East-West & North-South routes across London to be detailed

Earlier this year Transport for London promised "fast and substantially segregated cycle superhighways providing north-south and east-west routes through central London". Plans for those routes are now ready and will be opened for public consultation tomorrow.

Among the many criticisms of London's cycle superhighways, even the more successful routes such as CS3 dump you on the outskirts of central London with no guidance or protection if you want to get deeper into the city or across the other side.

In response to that criticism, London mayor Boris Johnson last year announced that new superhighways would be built that crossed London from east to west and north to south.

The new substantially-segregated north-south route will run from Elephant and Castle to King’s Cross via Blackfriars Road and Blackfriars Bridge. It is planned to use a combination of full segregation and lower-traffic streets. It will connect at Blackfriars, where the junction will be remodelled, with the new substantially-segregated east-west superhighway from Barking to West London.


The proposed superhighway at Blackfriars

Details of the latter route will be announced tomorrow, but it seems likely it will use some of the existing segregated cycle superhighway 3 from east London to Tower Gateway. That route simply stops at the end of Royal Mint Street with no indication as to how cyclists are supposed to negotiate the tangle of junctions around Tower Hill.

Transport for London has produced artist's impressions of a cycle superhighway along Victoria Embankment. Cycle campaigners will be watching closely to see how well — or badly — Transport for London rises to the challenge of connecting up a useful, safe cycling network.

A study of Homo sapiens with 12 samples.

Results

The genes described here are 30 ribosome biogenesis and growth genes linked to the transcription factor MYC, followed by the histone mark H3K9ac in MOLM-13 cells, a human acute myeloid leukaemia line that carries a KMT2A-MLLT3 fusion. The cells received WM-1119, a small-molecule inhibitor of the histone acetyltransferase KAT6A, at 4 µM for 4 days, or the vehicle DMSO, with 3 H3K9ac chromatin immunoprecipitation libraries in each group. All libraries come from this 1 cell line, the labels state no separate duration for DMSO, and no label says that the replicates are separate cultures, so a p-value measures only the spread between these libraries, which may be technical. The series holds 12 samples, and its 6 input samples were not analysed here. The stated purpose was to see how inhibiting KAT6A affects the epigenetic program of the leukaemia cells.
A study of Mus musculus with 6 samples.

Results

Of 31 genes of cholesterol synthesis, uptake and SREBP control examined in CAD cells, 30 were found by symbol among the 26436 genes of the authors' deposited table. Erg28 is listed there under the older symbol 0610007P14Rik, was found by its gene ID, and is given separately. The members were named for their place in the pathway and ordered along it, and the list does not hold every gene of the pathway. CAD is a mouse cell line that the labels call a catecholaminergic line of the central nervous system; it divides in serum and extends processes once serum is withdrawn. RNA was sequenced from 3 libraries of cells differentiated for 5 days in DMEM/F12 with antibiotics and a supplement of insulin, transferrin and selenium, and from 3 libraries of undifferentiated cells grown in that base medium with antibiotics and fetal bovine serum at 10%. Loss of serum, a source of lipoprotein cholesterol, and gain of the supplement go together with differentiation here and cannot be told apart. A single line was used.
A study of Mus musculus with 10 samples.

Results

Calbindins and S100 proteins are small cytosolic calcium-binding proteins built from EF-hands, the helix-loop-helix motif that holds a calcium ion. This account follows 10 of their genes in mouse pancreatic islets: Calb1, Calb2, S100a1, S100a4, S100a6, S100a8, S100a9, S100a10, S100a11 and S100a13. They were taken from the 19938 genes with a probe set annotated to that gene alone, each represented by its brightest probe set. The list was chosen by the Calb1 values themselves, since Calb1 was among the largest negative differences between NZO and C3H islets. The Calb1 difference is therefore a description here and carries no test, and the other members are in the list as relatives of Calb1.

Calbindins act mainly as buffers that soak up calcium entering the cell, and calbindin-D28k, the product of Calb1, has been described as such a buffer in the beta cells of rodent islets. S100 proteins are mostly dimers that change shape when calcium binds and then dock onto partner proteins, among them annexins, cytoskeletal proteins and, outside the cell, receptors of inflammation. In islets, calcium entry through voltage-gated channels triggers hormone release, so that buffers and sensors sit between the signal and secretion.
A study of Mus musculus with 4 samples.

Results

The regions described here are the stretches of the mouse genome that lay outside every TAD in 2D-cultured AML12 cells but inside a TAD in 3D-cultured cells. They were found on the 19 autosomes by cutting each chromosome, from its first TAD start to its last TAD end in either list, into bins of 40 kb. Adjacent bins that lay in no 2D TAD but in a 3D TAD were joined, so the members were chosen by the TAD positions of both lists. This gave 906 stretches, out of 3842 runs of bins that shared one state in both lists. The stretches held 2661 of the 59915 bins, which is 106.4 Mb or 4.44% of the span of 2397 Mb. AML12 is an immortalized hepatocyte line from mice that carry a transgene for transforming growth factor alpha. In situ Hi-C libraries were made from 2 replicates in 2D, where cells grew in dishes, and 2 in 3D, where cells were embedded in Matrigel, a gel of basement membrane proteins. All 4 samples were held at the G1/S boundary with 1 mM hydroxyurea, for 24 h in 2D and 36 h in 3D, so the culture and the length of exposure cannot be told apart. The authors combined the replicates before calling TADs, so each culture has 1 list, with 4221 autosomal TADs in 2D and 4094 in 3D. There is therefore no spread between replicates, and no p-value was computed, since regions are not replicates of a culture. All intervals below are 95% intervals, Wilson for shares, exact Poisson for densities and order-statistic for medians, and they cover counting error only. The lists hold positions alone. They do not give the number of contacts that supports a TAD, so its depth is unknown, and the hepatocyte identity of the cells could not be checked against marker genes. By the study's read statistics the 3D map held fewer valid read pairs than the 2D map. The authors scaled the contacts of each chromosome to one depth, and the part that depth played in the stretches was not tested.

When the new superhighways were originally announced, Mark Treasure, chair of the Cycling Embassy of Great Britain, said: “It is essential that designs really are up to scratch, and don’t just give up when the going gets tough, particularly at major junctions. That means that motor traffic capacity can and should be sacrificed, where necessary.

“Most importantly, we need to start seeing action on the ground, not just with the proposed upgrading of the entire Superhighway 2 route and the newly-announced north-south segregated Superhighway, but with a joined-up network across the city - not just single isolated routes that don’t connect with anything else.”

Public consultation opens tomorrow on the new routes via Transport for London's public consultation hub.

Acknowledged by the Telegraph as a leading cycling journalist, John Stevenson has been writing about bikes and cycling for over 30 years since discovering that people were mug enough to pay him for it rather than expecting him to do an honest day's work.

He was heavily involved in the mountain bike boom of the late 1980s as a racer, team manager and race promoter, and that led to writing for Mountain Biking UK magazine shortly after its inception. He got the gig by phoning up the editor and telling him the magazine was rubbish and he could do better. Rather than telling him to get lost, MBUK editor Tym Manley called John’s bluff and the rest is history.

Since then he has worked on MTB Pro magazine and was editor of Maximum Mountain Bike and Australian Mountain Bike magazines, before switching to the web in 2000 to work for CyclingNews.com. Along with road.cc editor Tony Farelly, John was on the launch team for BikeRadar.com and subsequently became editor in chief of Future Publishing’s group of cycling magazines and websites, including Cycling Plus, MBUK, What Mountain Bike and Procycling.

John has also written for Cyclist magazine, edited the BikeMagic website and was founding editor of TotalWomensCycling.com before handing over to someone far more representative of the site's main audience.

He joined road.cc in 2013 and these days he lives in Cambridge where the lack of hills is more than made up for by the headwinds.